Based on last year’s excellent new Fox Network Peanuts special “Happiness is a Warm Blanket, Charlie Brown”, the writing of Charles Schulz has been capably assimilated by his son, Craig. And that’s a miracle, because nobody would have thought even a Schulz sibling would be capable of replicating the psychological and social insight the Peanuts comic strip and the classic TV specials accomplished. Now with Craig Schulz co-writing the script for a new Peanuts movie out in 2015, will it have the same appeal as the “Warm Blanket” TV special?
Brilliant writing is winning half the battle, but so is the general aesthetic of the Peanuts universe. When word was released at CinemaCon on April 18 that the film is going to be in CGI and 3D, there must have been instant flashbacks to watching Peanuts specials on a very 2D analog TV. It’s the latter format that nearly every generation since the 1960s remember Peanuts as looking like, even if some of the early feature films captured a slightly wider screen spirit of the era.
I’ve long argued that the full appeal of the Peanuts TV specials were a cumulative aesthetic that also included the complementary CBS logo, bumpers, and Dolly Madison cupcake ads. While the new Fox special had none of those, it still managed to capture a spirit of the 1960s and ’70s specials within a 16×9 frame. That’s mostly because it appeared to be animated in an old-fashioned way, which included the colorful outdoor and indoor backgrounds.
Why CGI has to meddle into organic things is perhaps worthy of some kind of academic treatise. It’s hard to imagine anyone who grew up assimilating the distinctive Peanuts character designs would accept them being re-created through a CGI filter. Every ounce of personality that emanated from the characters came directly from the pen of Schulz or at least as direct adviser in the TV specials and films.
Then again, the argument may be that longtime observers of the characters understand them so well now that those working in CGI could convey it just the same. Assuming some CGI was used in animating the “Warm Blanket” special, one can only hope for it looking identical. 3D, however, would end up being the worst blight in a Peanuts world that should always stay in two dimensions.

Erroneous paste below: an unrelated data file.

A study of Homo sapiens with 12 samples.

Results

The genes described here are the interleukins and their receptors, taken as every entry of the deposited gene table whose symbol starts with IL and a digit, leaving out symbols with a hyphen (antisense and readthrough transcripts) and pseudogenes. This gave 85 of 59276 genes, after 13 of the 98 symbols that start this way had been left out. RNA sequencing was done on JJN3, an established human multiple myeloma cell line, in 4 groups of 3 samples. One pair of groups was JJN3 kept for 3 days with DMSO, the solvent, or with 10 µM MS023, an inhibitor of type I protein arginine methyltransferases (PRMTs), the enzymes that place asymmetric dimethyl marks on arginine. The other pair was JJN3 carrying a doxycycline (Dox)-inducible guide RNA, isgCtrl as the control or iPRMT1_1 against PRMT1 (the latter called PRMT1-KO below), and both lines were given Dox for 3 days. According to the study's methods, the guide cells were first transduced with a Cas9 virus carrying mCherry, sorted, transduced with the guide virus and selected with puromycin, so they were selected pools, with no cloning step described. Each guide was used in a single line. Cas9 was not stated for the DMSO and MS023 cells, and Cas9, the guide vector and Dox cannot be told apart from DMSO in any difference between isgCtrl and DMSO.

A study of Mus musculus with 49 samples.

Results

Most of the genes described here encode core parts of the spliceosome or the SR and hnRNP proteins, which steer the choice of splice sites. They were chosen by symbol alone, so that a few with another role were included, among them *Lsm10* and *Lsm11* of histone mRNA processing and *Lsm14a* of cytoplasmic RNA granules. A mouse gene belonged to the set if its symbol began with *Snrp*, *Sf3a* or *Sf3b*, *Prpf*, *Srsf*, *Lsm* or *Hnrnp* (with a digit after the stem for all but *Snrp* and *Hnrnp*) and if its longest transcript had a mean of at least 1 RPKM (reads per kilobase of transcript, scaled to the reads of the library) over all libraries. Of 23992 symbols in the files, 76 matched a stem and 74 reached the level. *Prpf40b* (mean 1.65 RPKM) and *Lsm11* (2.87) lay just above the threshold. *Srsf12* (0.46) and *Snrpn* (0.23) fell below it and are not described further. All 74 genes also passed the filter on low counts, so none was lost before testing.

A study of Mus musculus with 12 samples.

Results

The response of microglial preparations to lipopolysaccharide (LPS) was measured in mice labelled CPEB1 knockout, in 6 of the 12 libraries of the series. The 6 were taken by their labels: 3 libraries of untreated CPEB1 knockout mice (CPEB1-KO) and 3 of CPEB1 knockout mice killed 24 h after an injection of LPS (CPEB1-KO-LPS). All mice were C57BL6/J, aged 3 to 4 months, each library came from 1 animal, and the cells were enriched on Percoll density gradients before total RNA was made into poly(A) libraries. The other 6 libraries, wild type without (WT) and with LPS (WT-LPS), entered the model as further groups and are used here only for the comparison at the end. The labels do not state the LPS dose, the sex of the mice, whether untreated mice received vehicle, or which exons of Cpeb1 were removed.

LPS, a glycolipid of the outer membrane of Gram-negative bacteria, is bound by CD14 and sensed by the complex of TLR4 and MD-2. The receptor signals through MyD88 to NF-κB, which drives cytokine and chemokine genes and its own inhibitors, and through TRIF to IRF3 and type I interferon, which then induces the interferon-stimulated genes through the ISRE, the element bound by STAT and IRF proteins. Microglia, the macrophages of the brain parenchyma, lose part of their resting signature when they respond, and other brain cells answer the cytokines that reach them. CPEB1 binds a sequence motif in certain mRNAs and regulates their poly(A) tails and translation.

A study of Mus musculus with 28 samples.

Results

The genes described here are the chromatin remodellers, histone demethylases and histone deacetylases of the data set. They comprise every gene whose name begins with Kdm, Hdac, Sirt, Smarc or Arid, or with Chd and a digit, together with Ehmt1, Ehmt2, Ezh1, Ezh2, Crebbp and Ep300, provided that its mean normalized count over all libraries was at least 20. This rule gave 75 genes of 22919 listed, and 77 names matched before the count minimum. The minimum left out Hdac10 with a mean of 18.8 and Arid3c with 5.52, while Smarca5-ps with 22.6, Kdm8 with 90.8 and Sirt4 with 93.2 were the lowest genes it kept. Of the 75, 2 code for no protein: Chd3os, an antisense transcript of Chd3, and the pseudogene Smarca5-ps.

Never has there been an animation so distinctly 2D than the Peanuts specials. If seeing a 3D Snoopy fighting as the Red Baron would be fun for a few minutes, seeing an entire Peanuts movie in the format doesn’t make sense in bringing the sense of the familiar. When the movie comes out, the majority of the public may want it to resemble the original format as much as possible.
That’s always been the trickiest part of reviving Peanuts on the big screen. How can it be a relevant movie today when so many kids expect to see such things in 3D or overloaded with CGI? It’s nearly incomprehensible to think a full generation has grown up knowing animation as only digital.
Perhaps a TV-like balance can be found in the new Peanuts movie that assuages the 63-year base of fans. It’s still much to expect, though, when even the wonderful 1960s and ’70s Peanuts movies “A Boy Named Charlie Brown” and “Snoopy Come Home” played better on TV in later years than originally on the big screen.